Tuesday, October 22, 2013

Why baseball has gone to the children


Jordan Ellenberg argues that baseball has endured over the years "not because of stuffy conservatism, but because almost any change would make it worse." He says it appeals to children in particular because it's an easy sport to grasp, and its institutional strength outweighs any potential corruptive influence currently living within it.

I agree completely. From the time I was 10 to 13 (and again during the Mark McGwire/Sammy Sosa home run race when I was 18), I was as obsessed with baseball as I am with football now. Despite not having a home team (I adopted the Milwaukee Brewers), I collected a million baseball cards, had several caps, T-shirts and jerseys of various teams and absorbed all the games, news and stats that I could. When Nolan Ryan notched his 300th win, I bawled, because even though he was one of my favorite players, he did it against my Brewers. My dad had to calm me down and put me to bed. The next day, when I saw an Advil ad on TV congratulating Ryan on his historic win, I screamed at the TV all over again.

But mostly, my obsession was a positive one. It gave me a focus I hadn't yet had in my life, and it made me happy. I started reading the newspaper every day because of baseball, and Topps Magazine inspired me to start my own baseball newsletter. I bought several baseball games and figurines that stimulated my imagination and trivia knowledge. I learned the value of a dollar by saving up for baseball cards and tracking their worth (which in turn taught me to organize and to handle things with care). And, above anecdote aside, I generally didn't hate any players or teams. I had lots of memorabilia on my wall of many different teams, and my allegiances would shift as necessary. I aspired to play baseball, though that never happened in any organized sense outside of P.E. class. (At least it kept me fit.) In short, baseball for me was an education on how to be a better person.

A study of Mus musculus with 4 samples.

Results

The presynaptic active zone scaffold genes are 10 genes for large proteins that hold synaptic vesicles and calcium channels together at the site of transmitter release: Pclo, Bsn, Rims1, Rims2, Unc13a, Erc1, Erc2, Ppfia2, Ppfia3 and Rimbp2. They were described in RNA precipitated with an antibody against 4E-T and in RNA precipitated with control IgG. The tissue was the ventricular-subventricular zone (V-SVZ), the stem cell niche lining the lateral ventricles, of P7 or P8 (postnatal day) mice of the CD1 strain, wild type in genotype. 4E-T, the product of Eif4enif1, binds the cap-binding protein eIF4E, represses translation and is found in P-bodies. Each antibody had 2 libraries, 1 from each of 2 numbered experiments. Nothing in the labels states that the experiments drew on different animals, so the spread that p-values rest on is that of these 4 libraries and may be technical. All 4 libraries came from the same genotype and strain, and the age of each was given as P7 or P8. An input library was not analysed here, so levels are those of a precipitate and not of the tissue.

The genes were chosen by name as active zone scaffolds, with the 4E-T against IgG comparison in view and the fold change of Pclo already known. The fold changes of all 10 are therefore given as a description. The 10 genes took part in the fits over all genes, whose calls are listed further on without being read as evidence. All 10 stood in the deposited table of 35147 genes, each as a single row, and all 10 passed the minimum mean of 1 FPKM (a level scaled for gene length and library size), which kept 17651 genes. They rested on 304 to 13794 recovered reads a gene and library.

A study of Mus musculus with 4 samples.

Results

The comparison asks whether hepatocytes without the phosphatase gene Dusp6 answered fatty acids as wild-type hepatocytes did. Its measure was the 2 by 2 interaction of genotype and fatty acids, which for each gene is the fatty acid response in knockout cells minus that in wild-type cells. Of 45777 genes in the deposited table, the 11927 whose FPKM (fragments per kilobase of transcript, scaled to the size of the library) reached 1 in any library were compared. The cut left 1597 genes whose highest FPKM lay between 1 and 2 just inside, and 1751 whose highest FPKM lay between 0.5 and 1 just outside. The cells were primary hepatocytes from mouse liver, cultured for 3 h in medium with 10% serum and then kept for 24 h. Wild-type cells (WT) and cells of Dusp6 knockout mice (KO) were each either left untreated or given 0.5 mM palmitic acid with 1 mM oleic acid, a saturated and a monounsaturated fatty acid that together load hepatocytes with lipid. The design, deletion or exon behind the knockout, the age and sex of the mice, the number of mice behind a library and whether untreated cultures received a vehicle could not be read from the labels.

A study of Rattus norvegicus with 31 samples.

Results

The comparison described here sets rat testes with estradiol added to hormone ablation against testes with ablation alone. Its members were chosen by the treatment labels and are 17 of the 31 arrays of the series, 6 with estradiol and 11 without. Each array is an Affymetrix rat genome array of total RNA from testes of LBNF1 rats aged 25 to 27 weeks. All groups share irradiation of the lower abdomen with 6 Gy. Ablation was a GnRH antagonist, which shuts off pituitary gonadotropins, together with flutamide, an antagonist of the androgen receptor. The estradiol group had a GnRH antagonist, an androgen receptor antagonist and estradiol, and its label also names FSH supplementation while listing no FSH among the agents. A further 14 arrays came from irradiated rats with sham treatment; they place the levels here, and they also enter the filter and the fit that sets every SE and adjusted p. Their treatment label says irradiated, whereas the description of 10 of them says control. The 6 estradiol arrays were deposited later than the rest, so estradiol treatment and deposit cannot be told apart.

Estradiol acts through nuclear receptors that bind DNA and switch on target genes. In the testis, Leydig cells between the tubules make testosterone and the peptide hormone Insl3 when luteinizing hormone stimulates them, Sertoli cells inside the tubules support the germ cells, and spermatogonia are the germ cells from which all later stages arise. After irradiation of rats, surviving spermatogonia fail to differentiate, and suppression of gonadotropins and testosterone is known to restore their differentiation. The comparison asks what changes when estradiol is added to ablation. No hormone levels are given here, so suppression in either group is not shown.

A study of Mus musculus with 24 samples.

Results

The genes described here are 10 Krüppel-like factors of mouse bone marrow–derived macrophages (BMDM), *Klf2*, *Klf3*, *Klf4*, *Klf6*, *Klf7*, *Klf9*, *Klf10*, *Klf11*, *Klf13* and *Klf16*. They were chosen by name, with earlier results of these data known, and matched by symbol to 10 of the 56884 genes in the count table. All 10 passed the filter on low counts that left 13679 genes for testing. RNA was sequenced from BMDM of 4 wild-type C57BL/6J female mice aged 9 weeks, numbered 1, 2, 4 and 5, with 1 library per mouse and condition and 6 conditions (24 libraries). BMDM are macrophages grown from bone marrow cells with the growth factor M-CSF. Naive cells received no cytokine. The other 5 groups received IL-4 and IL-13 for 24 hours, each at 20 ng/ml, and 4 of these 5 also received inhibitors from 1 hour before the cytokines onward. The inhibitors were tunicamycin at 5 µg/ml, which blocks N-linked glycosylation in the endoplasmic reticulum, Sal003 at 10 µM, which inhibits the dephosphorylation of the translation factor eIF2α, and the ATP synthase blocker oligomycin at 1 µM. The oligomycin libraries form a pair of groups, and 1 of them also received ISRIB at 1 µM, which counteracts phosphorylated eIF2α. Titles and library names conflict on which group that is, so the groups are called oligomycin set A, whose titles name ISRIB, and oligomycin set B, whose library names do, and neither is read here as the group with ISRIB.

But I ultimately left it behind. And it's hard to go back full-throttle as an adult, at least in the professional sense; I still love to play, attend games and browse memorabilia. Baseball has a huge adult problem, and it isn't the drugs. Nor is it that the game is antiquated or regressive. It's the politics.

The NFL has measures in place — basically, socialism — that levels the playing field for every team. It doesn't make each team equal, obviously, but it ensures that a team's success or failure rides mainly upon how it conducts itself. Also, the league has been far more aggressive in testing for steroids, and has been more open to technological innovation. The NFL is far from perfect, but it's that aspiration to equity that separates it from other sports right off the bat.

Major League Baseball, on the other hand, is a stacked competition from the outset. Bob Costas once said that the league might as well have a two-tier structure with a few major-market teams competing, and the rest just selling ballpark ambiance. Owners are free to buy stacked rosters, which the then-Florida Marlins notoriously did in 1997, and the New York Yankees pretty much always do. Teams like the Kansas City Royals rarely inspirationally surmount such obstacles. They can't afford to.

That's too close to real life for a lot of us.

Baseball's best roots are in its pastoral innocence. Kids are innocent. No wonder it's their game these days. If only the sport itself reflected their sensibilities, it could be all of ours again.